AFSCME Helps Awake the State at Start of Florida Legislative Session

The first day of each 60-day Florida legislative session is steeped in custom, from the cornucopia of floral arrangements to speeches by the governor and legislative leaders, and now includes a more recent tradition – Awake the State.

For the eighth year, members and leaders from Florida’s labor unions, consumer rights, environmental community and other grassroots organizers held a series of press conferences across the state. The goal is to highlight the legislative solutions necessary to advance a Florida that works for every Floridian, not just the wealthy and well-connected. Local leaders and advocates called on Gov. Rick Scott and his allies in the legislature to pass a budget that invests in hardworking Floridians, not more massive corporate giveaways. Doing so will help lay the foundation for a thriving, secure job market and high quality of life for all Floridians.

“I’m tired of the lies told about respect for our freedoms and rights while legislation like HB 25 is advanced that would dismantle the protections of teachers, nurses, bus drivers and other vital public servants, eliminating their voice and stripping them of their right to speak up,” said AFSCME Florida Executive Director Andy Madtes at the Miami event. “I’m tired of the state budget lies told while our taxes are spent rewarding wealth over hard work so that we don’t have enough money to invest in our roads, invest in our environment, invest in our state workforce. Yet, somehow, we have enough to invest in unjust, counterproductive immigration policies that tear families apart.”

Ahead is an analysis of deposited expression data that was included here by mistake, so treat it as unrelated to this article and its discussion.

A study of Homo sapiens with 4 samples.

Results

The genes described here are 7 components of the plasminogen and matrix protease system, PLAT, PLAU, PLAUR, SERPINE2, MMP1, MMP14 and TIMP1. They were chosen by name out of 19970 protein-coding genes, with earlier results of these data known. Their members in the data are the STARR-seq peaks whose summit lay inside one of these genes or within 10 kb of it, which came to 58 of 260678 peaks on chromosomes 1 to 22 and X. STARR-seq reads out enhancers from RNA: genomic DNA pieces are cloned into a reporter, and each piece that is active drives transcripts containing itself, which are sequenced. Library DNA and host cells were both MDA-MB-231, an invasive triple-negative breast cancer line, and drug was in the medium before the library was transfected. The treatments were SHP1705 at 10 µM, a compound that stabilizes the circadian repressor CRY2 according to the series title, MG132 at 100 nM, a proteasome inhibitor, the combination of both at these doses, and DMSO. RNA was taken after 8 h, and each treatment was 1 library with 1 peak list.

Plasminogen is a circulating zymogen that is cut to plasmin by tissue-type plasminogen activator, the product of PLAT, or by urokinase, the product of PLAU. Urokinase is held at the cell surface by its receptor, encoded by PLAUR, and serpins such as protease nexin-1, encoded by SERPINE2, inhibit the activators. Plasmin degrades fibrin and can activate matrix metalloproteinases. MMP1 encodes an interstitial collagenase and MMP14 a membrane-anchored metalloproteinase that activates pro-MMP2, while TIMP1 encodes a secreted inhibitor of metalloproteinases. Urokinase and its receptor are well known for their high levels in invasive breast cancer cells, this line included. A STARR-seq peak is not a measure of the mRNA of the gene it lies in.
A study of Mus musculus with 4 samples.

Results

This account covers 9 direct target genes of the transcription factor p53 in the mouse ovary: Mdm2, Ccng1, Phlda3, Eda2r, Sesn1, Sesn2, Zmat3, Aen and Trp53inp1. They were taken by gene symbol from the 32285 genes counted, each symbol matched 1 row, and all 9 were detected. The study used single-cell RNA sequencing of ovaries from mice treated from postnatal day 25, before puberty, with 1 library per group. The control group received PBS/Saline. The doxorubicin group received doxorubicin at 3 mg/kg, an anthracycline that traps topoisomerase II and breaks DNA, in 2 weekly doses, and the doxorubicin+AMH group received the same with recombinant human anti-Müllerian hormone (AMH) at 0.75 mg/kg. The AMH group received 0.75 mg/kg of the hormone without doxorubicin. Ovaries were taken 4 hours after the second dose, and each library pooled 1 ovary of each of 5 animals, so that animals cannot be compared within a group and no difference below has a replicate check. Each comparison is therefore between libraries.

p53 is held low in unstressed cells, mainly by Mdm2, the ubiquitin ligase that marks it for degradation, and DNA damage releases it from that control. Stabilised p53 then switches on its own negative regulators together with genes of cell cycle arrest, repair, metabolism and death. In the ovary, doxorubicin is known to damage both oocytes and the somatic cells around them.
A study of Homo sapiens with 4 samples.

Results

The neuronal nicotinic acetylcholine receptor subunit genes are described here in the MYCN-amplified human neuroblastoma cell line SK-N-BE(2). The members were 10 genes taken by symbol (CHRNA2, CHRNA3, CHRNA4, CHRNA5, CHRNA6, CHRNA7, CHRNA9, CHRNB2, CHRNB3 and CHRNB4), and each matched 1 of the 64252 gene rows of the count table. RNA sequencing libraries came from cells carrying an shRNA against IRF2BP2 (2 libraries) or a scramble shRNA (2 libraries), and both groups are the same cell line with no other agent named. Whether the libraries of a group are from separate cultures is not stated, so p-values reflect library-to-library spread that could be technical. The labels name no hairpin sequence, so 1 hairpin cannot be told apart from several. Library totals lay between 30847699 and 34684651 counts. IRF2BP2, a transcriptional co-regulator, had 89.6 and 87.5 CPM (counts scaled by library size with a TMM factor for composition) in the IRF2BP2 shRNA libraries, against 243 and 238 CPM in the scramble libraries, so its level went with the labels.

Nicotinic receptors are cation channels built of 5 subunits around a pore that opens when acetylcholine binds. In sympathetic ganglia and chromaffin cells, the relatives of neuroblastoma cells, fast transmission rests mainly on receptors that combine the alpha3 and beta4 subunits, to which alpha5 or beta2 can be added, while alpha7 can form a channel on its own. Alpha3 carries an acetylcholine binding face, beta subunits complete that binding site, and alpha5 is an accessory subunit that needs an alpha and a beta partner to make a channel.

Partners included the Florida AFL-CIO, SEIU Florida, Progress Florida, For Florida’s Future, Florida Conservation Voters, Florida NOW, Florida Immigrant Coalition, Planned Parenthood, Florida Center for Fiscal and Economic Policy, ACLU of Florida and many other national, state and local organizations.

This year, AFSCME members are focused on building on the success of last year’s session, which included the first pay raise for state workers in a decade. The priorities range from protecting pensions and the state’s environment to increasing staffing levels at state agencies and fulling implementing the Affordable Care Act. Legislative efforts to stop HB25 and fix the funding formula for country Clerks of Court have already started. Also moving forward is legislation that would grant special risk status to state employees at health care facilities for criminal or mental ill patients and front-line public service aids are already moving forward following the last few months of committee hearings.

“I may be tired of the lies but I’m wide awake to how much what goes on in Tallahassee impacts all of our lives,” said Madtes. “AFSCME members will work hand in hand with our brothers and sisters to ensure our voices are heard today, tomorrow, throughout this session and this November.”